South Ozone Park, New York: On Sunday, hundreds of residents, community leaders, and elected officials joined the family of late Correction Officer Jonathan Narain for the unveiling of 111 Street and Liberty Avenue in Richmond Hill.
The street was co-named “Correction Officer Jonathan Narain Way” on Indian Arrival Day.
On September 14, last, CO Narain was fatally shot in Richmond Hill, New York. He was 27.
Narain had been with the New York City Department of Correction for almost three years and worked at Rikers Island. He left behind a heartbroken family, a community touched by this senseless gun violence, and residents who are inspired by his life.
“There was an outpouring of grief and love that we had to respond to with urgency. The community was shocked by this tragedy; another young man was killed by gun violence.
“With the family’s support, we mobilized by collecting hundreds of signatures and in record time the New York City Council voted unanimously to approve the street in Jonathan’s memory. It is where he grew up,” said Richard David, District Leader in New York State Assembly District 31.
The City Council voted to approve the resolution on December 20, 2018 just four months after the tragedy.
“It is an honour to support this family who has given their life to public service and pay tribute to a fallen hero. It is also one of the only streets in New York named after a Guyanese-American, and perhaps the only one named after an Indo-Caribbean person.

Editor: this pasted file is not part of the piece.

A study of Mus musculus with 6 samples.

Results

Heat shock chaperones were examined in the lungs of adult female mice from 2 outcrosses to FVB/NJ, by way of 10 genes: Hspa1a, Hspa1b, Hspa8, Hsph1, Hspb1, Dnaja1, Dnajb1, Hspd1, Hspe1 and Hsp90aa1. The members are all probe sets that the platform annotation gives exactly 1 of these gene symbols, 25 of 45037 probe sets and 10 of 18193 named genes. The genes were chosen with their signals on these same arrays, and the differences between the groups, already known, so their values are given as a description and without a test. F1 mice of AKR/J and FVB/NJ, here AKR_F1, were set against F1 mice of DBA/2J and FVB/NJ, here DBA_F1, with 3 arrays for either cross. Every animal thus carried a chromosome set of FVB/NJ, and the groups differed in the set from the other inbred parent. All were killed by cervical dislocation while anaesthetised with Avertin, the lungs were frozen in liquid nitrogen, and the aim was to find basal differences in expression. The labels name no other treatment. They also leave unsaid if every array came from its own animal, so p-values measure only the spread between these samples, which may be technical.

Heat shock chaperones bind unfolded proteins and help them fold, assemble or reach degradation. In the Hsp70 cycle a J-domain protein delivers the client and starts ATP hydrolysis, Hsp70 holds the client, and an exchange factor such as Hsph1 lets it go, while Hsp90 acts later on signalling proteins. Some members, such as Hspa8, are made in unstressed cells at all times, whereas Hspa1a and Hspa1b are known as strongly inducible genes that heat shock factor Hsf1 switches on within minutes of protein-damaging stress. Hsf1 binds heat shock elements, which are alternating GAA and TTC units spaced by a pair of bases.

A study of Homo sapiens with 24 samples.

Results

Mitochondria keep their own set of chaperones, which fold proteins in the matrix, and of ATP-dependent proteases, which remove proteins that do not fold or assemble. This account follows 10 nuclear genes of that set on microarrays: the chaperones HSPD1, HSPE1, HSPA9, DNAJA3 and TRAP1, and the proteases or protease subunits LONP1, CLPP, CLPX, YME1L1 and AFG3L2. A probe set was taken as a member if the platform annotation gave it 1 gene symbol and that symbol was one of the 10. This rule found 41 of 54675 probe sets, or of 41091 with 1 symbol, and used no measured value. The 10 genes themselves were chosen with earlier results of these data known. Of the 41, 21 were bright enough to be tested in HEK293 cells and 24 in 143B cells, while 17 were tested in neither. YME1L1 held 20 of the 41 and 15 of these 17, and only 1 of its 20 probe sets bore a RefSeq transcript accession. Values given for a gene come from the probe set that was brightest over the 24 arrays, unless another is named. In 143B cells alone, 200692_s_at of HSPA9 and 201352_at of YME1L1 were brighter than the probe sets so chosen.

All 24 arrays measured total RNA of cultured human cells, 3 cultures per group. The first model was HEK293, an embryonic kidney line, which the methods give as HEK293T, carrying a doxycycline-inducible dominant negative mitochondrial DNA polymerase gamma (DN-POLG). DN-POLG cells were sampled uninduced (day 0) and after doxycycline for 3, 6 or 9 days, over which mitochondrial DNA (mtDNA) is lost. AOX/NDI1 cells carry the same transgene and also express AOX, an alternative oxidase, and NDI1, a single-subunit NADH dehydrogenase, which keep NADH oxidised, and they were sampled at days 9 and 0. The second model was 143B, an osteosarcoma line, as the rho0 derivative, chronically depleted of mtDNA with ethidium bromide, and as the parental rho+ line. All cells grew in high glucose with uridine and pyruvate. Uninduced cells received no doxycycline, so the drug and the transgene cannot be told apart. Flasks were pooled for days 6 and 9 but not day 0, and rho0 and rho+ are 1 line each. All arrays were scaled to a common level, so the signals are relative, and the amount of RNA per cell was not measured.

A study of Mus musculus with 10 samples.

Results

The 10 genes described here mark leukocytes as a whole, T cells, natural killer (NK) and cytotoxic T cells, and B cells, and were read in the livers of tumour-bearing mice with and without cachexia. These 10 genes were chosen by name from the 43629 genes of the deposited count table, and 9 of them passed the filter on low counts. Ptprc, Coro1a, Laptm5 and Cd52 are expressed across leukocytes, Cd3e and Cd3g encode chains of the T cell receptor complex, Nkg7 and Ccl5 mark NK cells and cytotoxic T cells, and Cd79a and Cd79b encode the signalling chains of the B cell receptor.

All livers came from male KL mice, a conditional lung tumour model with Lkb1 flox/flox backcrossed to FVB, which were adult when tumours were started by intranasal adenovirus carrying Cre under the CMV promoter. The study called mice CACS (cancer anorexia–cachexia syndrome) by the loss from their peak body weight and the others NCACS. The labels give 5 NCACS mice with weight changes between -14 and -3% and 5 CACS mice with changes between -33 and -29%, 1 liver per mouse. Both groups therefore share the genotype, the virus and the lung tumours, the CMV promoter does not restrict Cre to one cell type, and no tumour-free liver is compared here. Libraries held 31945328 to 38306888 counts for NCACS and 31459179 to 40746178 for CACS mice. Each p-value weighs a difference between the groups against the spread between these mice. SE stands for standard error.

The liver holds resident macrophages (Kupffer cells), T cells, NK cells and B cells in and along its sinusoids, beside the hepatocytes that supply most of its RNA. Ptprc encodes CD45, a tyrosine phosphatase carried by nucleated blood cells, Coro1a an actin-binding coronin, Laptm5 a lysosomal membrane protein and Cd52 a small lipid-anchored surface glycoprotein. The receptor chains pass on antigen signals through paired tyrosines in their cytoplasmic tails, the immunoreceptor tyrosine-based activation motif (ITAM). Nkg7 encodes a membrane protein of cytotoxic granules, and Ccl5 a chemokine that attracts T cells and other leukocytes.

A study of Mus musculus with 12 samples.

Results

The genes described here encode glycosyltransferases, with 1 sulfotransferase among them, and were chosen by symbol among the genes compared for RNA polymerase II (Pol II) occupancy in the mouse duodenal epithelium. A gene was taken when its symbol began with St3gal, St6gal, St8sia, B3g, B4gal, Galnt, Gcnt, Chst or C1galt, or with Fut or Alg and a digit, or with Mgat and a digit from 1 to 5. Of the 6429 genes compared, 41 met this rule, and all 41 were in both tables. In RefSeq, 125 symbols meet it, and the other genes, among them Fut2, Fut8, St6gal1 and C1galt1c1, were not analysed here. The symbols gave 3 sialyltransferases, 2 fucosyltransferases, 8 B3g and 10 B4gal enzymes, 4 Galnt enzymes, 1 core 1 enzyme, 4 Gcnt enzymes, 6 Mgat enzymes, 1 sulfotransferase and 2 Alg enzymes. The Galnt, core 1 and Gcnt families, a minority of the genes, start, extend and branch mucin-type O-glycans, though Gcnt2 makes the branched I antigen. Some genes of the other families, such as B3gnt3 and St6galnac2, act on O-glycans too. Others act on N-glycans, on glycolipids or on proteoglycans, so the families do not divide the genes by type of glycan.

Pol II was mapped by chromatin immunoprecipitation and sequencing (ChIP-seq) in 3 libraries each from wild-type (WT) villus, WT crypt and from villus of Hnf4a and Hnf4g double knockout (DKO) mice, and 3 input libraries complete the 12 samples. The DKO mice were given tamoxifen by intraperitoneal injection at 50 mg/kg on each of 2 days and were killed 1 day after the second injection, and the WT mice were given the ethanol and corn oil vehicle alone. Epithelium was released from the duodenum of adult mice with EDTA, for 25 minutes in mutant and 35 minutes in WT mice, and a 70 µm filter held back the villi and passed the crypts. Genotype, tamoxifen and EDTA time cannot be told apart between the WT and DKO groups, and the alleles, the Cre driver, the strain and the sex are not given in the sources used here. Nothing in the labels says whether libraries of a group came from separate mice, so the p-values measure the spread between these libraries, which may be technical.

“It’s long overdue that this community’s sacrifices are properly recognized. I was happy to sponsor this resolution at the City Council” said Adrienne Adams, New York City Council Member District 28.
CO Narain was born at the former St. John’s Hospital in Queens and raised in Richmond Hill on 111 Street. He graduated from Richmond Hill High School and earned a Bachelor of Arts degree from John Jay College of Criminal Justice.
He comes from a proud family of public servants. His mother is a retired teacher with the Department of Education; his father works for New York Transit, his eldest brother has worked with the New York City Fire Department for 15 years, and his youngest brother works as an Emergency Medical Technician.
“Jonathan was a vigilant servant to the City of New York. His hardwork and dedication were unmatched. On September 14, on his way to the job he loved, he was involved in an altercation and was gunned down in cold blood.
“We at the NYCD Desi Society honor his memory by co-naming this street, where he lived his incredible life. We want people to know his name and remember him forever” said NYCD Desi Society Vice President CO Raishamraj Persaud.
Also present at the street co-naming were Borough President Melinda Katz, City Council Member Donovan Richards, Commissioner of the New York City Correction Department Cynthia Brann, and New York State Assembly Member David Weprin. Community leaders present included Dr. Dhanpaul Narine, Romeo Hitlall, Ashook Ramsaran, Mohamed Amin, Jeany Persaud and Mohamed Hack.
“They say no one is perfect, but my brother was near perfect. This kid did everything right. My family and I are deeply proud of him and our community for standing by our side during this time of mourning” said Jason Narain, bother of Jonathan Narain.